FCC adopts new Cuba policy, finally!
Our last report on Cuba ended with a cliffhanger: the Department of the Treasury’s Office of Foreign Assets Control (OFAC) and Commerce’s Bureau of Industry and Security (BIS) had eased their Cuba regulations with respect to telecommunications, but the FCC was clinging to its 16-year old, highly-restrictive policy. It turns out that the FCC was waiting on word from the State Department—and once that word rolled in, the Commission moved quickly.
On January 12, 2010, FCC Chairman Genachowski received a letter from the State Department rescinding its 1993 policy letter and setting out new policy guidelines. Sure enough, a scant nine days later, the Commission issued a Public Notice modifying its process for applications for service to Cuba. While the most burdensome restrictions from the old regime have been removed, applicants looking to serve Cuba should be aware of the following:
- Applications for international authority to serve Cuba must be filed separately and are not eligible for streamlining. Service to Cuba will not be covered by a grant of Section 214 global authority under section 16.18(e)(1) of the Commission’s rules, but must be applied for separately under section 63.18(e)(3).
- Applications will go to the State Department for review. The Commission will submit all Section 214 applications for service to Cuba to the State Department for review. If State does not object within 30 days, the Commission will assume that it does not object to the grant of the application on foreign policy grounds.
- The International Settlement Policy (ISP) and Benchmark Policy still apply to Cuba, but the FCC is prepared to grant waivers “reasonably limited in duration” based on “unique circumstances presented.” The ISP is designed to prevent U.S. carriers from being whipsawed by dominant carriers in foreign markets by restricting the terms and conditions U.S. carriers may agree to. Under the ISP, any carrier seeking to enter into an agreement with Empresa Telecomunicaciones de Cuba S.A. (ETECSA), which the FCC presumes to have market power in Cuba, must: (a) not agree to a higher effective accounting rate than other U.S. carriers; (b) receive a proportionate share of return traffic; and (c) divide the accounting rate 50/50 with ETECSA for U.S. inbound and outbound traffic. Similarly, the Benchmark Policy is intended to reduce above-cost settlement rates by requiring U.S. carriers to negotiate settlement rates at or below certain benchmark rates. Cuba is classified in the Benchmarks order as a lower middle income country, for which the most recent settlement rate is $0.60 per minute.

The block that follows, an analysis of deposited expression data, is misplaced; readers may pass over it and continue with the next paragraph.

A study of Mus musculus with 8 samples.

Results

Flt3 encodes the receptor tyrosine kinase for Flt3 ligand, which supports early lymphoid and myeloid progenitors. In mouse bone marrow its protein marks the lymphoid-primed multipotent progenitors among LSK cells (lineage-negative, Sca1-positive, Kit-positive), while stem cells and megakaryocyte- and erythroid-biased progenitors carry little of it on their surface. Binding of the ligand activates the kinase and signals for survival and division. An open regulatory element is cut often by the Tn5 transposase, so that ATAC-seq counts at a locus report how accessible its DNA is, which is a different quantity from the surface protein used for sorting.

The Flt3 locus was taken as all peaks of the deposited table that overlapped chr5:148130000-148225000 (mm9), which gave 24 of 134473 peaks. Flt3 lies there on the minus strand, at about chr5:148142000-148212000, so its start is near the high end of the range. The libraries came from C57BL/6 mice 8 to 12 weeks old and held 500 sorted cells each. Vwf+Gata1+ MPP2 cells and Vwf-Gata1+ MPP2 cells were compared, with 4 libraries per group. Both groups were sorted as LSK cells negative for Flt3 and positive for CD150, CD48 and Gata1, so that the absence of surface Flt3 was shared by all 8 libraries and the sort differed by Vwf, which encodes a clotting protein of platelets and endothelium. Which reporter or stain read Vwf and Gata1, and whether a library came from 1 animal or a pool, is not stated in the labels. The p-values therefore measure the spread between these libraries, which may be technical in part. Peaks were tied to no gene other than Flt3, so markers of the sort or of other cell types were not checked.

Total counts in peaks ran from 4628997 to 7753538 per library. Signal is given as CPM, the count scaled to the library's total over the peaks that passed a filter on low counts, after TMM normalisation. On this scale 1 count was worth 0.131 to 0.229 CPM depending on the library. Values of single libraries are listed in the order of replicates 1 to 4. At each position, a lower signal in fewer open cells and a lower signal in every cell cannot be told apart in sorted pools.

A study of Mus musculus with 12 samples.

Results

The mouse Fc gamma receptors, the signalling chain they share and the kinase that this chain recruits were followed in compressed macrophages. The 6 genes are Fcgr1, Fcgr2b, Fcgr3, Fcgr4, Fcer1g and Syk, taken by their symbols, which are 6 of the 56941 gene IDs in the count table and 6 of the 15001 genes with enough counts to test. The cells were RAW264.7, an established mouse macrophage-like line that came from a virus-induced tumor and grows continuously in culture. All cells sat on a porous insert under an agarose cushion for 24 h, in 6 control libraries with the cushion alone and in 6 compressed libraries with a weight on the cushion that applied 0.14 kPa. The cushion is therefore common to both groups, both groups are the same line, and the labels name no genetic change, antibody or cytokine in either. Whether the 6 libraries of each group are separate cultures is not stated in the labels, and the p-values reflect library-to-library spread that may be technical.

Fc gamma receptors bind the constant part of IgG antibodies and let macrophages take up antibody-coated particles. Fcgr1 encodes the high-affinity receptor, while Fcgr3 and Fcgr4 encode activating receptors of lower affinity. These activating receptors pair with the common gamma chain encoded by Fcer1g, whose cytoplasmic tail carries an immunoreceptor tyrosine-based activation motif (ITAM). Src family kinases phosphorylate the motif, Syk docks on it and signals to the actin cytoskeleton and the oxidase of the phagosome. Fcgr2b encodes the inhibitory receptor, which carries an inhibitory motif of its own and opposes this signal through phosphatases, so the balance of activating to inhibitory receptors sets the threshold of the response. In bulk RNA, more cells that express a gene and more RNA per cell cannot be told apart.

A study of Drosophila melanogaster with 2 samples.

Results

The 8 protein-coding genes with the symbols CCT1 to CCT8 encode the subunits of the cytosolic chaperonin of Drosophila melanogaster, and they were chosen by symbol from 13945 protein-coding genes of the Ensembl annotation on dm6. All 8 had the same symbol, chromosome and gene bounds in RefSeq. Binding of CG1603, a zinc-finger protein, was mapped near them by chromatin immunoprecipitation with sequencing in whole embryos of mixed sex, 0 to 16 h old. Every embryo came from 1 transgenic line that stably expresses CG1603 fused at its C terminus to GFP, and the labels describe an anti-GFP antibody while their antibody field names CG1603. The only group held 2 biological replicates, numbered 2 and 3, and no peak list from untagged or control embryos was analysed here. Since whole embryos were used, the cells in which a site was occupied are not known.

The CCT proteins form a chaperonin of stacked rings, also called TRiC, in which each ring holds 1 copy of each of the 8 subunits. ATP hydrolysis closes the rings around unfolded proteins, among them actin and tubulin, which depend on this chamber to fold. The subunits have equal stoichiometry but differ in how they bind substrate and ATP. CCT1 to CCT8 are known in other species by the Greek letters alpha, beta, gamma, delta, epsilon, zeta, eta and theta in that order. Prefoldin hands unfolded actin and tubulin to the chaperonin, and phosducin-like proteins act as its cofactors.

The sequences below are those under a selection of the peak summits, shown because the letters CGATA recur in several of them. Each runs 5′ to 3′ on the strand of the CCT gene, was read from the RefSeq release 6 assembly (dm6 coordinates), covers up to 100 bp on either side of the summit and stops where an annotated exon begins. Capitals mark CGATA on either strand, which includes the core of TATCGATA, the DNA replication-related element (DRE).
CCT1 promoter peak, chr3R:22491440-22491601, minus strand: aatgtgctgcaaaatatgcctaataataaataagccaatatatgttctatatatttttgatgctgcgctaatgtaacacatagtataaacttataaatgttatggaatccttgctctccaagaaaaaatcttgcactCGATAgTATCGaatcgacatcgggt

- The new rules do not authorize investment in Cuba’s domestic infrastructure. This point is made explicit in both the State Department letter and the FCC Public Notice.
- Applications may also need to be licensed by OFAC or BIS. Companies should ensure that in addition to FCC approval, they have appropriate authorization from OFAC (for travel and payment) and/or BIS (for export of U.S. goods).
Potential applicants should also bear in mind that while the scope of authorized telecommunications activities is broad, it is not unlimited. U.S. telecommunications companies may apply for FCC authorization to: (a) enter into agreements to establish fiber-optic cable and satellite communications facilities linking the U.S. and Cuba; (b) enter into roaming service agreements with Cuban service providers; and (c) provide satellite radio and television services to customers in Cuba.